Thursday, 9 June 2011

Brave New World

I was talking on Dubai Eye Radio's Business Breakfast the other week about the wonderful story of Sonia Land and Random House.

Literary agent Sonia Land (of highly respected agency Shiel Land Associates) signed up prolific author Catherine Cookson to publish her backlist online under a new imprint, Peach Publishing. Over a hundred Cookson titles have consequently appeared on Amazon's Kindle Store. The covers alone are a talking point and have prompted more than one comment along the lines of 'If that's your idea of cover art, I hope you're better at the rest of the publishing skillset."

The teensy weensy fly in the Cookson ointment is that she already has a publisher, Random House subsidiary Transworld. Land offered a higher royalty rate, according to The Bookseller. In a Hollywood-style gambit, the news was followed hard by Random House signing top author Tom Sharpe to publish his backlist on Kindle with them, cutting out his literary agent of some thirty years' standing (see where this is going yet?), Sonia Land. At least the Tom Sharpe covers are pukkah.

Heavy hitter agent Ed Victor has followed suit and others have confirmed they are looking at launching their own imprints. You'd be forgiven for surmising that, faced with an existential threat, publishing is tearing itself apart.

The issue of royalty rates for e-books has been an increasing rubbing point between agents and publishers - Amazon takes 30% of a Kindle book, leaving a whopping 70% for the publisher (or, if you're self-pubbed, author). Agents are arguing that given the physical costs of print, distribution and returns are now out of the equation, a royalty rate of 50% of the cover price for the author is equitable. Publishers are currently paying 20-25%.

Agents get, generally, 15% of their author's income from books. So an e-book with a $10 cover price (incredibly expensive, BTW, in e-book terms) would currently give Amazon $3, the publisher $4.50, the author $2.125 and the agent $0.375.

The growing pressure many authors feel in favour of self-publishing, by the way, is only increased by the realisation that selling your book at a much more realistic $2.99 would net you, the self-published author, $2.09 - nearly as much money as going through a publisher and an agent and selling at $10. There's increasing traction around that $2.99 price point - and if your book sold at that price through a publisher/agent, you as the author would get a lowly $0.635.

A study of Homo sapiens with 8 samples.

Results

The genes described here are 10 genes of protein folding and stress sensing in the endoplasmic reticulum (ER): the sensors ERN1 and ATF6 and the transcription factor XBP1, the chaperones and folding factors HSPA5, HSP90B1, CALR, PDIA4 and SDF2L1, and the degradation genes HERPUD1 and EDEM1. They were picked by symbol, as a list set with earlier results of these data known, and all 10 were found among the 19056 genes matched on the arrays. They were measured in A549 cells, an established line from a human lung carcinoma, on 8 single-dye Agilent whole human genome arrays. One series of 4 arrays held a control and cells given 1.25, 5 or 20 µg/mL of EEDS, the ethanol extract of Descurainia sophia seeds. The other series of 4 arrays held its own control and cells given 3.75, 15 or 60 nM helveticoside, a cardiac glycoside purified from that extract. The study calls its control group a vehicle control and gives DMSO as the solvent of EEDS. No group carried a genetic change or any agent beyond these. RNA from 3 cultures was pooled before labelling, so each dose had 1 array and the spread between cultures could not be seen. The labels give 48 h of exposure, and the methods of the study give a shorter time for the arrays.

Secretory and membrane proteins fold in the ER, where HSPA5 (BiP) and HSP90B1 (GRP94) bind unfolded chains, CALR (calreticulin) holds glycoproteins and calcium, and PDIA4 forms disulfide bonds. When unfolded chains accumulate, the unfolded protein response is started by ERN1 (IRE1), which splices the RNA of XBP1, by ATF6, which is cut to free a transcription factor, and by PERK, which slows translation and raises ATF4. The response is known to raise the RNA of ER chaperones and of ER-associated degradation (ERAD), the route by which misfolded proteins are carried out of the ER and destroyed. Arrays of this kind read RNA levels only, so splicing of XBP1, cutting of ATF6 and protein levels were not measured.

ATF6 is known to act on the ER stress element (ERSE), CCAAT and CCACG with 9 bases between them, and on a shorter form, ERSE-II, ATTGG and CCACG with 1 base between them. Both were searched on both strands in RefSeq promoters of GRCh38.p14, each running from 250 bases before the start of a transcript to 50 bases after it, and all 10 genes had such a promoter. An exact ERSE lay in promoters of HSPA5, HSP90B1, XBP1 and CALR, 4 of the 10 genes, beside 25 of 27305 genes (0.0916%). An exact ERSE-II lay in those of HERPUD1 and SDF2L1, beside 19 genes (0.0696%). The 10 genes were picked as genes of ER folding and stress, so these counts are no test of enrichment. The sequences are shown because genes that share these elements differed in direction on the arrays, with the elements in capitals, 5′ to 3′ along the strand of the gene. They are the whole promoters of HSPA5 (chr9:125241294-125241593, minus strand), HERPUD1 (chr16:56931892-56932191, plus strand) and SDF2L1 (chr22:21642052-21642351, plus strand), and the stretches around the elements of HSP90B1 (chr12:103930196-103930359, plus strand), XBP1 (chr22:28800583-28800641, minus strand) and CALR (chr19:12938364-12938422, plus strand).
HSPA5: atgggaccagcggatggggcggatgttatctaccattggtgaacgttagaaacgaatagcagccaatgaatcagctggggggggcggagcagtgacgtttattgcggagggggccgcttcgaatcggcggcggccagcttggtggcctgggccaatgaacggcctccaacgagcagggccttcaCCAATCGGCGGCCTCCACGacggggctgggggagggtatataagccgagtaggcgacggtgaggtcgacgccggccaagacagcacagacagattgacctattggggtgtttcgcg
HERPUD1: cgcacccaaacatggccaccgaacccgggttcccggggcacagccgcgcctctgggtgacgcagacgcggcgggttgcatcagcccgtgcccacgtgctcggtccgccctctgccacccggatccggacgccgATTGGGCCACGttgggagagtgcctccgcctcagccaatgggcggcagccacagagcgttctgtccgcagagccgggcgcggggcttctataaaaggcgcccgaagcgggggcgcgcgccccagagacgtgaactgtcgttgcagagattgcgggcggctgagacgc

Meanwhile, the most successful indie author of all time, million-selling Amanda Hocking, has signed a $2 million deal with a traditional publisher through an agent, presumably retaining her digital rights. Oh, to have the clout to do that!

The question now becomes, 'How much value do a publisher and an agent give me here? What are their roles in the e-book world?' This question is also being asked a lot by publishers and agents. Any answers on a postcard, please!


Macthomson said...

I followed the trend to price at 2.99 about a month back and I agree entirely that this is a valid way forward for e-publishing.

The major problem for self-publishers remains however 'discoverability'.

I hope "Beirut" is bubbling along nicely!

alexander... said...

Hey, Mac

Yes, 'discoverability' is the challenge so many are facing and it will only get worse as more and more are drawn to self-publishing and the morass of new projects increase - that and quality, which is going to be a massive issue moving forward as anyone who has trawled through the deeper waters of authonomy's 10,000 tomes will attest!

Beirut remains as per my last update, being read by a number of big London publishers. And yes, the waiting is slowly killing me, thank you.

Duffy said...

Businesses that have shifted to being primarily online have all had one thing in common: eliminating the middle man. Think of travel agents. Once you went to a travel agent for vacation planning. Now you go to the internet.

"How much value do a publisher and an agent give me here?"

I think their roles are changing and the market distortions we're seeing are a part of that. Agents are probably going to become more like marketers. They'll market books to readers more than publishers.